WASHINGTON -- The Obama administration's handling of human trafficking grants spurred House Republicans to accuse the administration of discriminating against the United States Conference of Catholic Bishops.
The House Oversight and Government Reform committee held a hearing Thursday to examine how the Department of Health and Human Services (HHS) reached a decision not to award funding from a $4.5 million grant program to the Catholic group and instead funded three other groups, even though two of those groups scored much lower than the U.S. Conference of Catholic Bishops on an scale used to rank applicants for federal grants.
Of the four grantees who applied for a 2011 grant to aid victims of labor and sex trafficking, the U.S. Conference of Catholic Bishops was the second highest-scoring, and an independent reviewer recommended awarding grants to it and one other group. However, the Catholic group was ultimately denied, and the three other organizations got the grants.
HHS' Acting Assistant Secretary for Children and Families, George Sheldon, defended the decision and said it's ultimately HHS' decision on what organizations receive grants, and that the agency isn't required to award them based on scores.
"Scores are advisory in nature and the ultimate decision to award or not award rests with the assistant secretary," Sheldon told the panel.
Sheldon said it was clearly specified that strong preference would be given to applicants who are willing to offer services or referrals for "the full range of legally permissible gynecological and obstetric care," including exams, tests, treatment for sexually transmitted infections, family planning services, and abortion.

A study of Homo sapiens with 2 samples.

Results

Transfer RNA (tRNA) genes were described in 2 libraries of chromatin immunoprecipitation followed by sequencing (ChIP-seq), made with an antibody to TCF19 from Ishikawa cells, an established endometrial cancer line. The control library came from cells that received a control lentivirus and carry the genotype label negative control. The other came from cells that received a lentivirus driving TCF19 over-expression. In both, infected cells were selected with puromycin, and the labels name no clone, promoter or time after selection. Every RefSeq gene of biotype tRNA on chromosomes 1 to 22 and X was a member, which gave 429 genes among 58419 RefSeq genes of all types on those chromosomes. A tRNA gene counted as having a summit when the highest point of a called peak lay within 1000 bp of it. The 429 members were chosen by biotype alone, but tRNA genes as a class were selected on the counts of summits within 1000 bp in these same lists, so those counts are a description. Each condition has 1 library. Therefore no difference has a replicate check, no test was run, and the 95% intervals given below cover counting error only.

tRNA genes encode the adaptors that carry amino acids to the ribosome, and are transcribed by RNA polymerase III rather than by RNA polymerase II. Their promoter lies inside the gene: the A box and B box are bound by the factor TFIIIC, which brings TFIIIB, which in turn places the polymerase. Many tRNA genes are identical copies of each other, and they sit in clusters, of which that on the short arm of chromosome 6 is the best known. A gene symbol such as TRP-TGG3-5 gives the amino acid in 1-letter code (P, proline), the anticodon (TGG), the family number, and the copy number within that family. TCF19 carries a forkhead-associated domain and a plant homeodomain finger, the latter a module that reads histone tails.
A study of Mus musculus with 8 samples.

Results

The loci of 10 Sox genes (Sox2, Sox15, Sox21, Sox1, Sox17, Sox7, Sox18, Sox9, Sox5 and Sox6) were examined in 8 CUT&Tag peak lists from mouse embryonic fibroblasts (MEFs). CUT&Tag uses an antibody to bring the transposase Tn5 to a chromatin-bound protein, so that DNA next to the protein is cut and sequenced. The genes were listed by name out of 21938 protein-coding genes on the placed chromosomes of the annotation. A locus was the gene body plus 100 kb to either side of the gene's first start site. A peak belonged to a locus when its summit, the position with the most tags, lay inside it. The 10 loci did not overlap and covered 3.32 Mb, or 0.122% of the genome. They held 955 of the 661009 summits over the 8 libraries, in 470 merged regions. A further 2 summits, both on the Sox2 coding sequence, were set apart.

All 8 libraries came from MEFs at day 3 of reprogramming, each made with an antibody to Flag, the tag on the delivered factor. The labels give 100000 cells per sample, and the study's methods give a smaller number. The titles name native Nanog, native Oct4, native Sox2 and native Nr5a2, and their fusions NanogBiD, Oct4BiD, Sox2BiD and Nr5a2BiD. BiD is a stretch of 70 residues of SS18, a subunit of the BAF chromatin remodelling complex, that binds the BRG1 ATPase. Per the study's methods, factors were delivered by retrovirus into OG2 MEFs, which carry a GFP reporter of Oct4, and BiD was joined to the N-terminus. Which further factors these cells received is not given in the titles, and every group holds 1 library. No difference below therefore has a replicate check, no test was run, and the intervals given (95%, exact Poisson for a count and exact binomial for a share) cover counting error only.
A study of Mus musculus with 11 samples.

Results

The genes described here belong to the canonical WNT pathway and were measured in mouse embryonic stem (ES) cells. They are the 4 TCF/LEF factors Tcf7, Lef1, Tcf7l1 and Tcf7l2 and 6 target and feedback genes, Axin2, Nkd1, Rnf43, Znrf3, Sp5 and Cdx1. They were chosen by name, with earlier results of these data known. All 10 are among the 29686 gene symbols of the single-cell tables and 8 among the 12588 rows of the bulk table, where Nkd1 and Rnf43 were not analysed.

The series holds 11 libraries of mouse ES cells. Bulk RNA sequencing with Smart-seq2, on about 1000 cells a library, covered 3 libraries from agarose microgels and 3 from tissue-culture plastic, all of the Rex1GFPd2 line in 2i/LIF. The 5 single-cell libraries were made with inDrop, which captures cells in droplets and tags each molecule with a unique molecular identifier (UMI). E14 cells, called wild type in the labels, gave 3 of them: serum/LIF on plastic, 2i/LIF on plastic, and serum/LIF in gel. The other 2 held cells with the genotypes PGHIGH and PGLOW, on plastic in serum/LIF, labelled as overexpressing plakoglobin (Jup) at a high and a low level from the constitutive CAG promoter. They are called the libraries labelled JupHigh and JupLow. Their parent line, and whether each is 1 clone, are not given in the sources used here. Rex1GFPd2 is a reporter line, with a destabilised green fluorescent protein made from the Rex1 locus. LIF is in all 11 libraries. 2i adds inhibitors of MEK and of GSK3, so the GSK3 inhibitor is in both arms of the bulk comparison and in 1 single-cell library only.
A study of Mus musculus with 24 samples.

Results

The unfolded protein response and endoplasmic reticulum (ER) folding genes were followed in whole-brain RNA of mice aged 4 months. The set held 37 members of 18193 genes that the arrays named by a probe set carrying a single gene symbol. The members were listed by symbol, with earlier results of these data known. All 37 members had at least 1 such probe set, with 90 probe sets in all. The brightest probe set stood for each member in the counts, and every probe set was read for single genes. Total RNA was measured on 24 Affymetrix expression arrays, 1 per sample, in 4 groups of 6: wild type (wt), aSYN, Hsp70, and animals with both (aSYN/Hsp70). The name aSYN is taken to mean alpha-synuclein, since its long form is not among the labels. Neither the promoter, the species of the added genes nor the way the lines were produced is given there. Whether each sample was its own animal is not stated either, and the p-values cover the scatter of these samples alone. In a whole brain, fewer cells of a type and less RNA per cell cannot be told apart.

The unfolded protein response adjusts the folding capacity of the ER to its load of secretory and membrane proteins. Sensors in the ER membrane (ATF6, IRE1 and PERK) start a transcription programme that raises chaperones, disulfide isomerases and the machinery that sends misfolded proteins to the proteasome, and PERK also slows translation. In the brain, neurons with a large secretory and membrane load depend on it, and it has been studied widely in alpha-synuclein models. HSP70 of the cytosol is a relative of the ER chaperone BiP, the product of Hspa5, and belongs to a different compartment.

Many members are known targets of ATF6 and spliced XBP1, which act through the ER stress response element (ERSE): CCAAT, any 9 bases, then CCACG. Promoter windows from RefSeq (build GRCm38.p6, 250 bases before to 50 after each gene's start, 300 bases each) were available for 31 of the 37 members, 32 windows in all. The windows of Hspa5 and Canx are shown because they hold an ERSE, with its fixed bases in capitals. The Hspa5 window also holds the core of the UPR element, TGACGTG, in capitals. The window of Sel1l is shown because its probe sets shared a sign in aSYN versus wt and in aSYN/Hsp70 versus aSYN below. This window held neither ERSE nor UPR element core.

Because the U.S. Conference of Catholic Bishops was not willing to offer or contract with an outside group to provide "the full range" of legal gynecological and obstetric care -- namely birth control and abortion -- their application was denied.
Sheldon said groups who are opposed to family planning services are awarded grants all the time, but often will contract with other groups to provide those services rather than provide them themselves.
Issa accused Sheldon's department of acting in a way that violates federal laws that prohibit discrimination based on religious beliefs.
When asked if there was religious bias shown in not awarding the Catholic Bishops the grant, Sheldon replied, "I can state unequivocally that there was not."
Sheldon said that HHS has awarded $650 million in grants to Catholic organizations in the past three years, including a $19 million grant to the U.S. Conference of Catholic Bishops four days after the trafficking grant was denied.
The committee's investigation into the grant program is ongoing.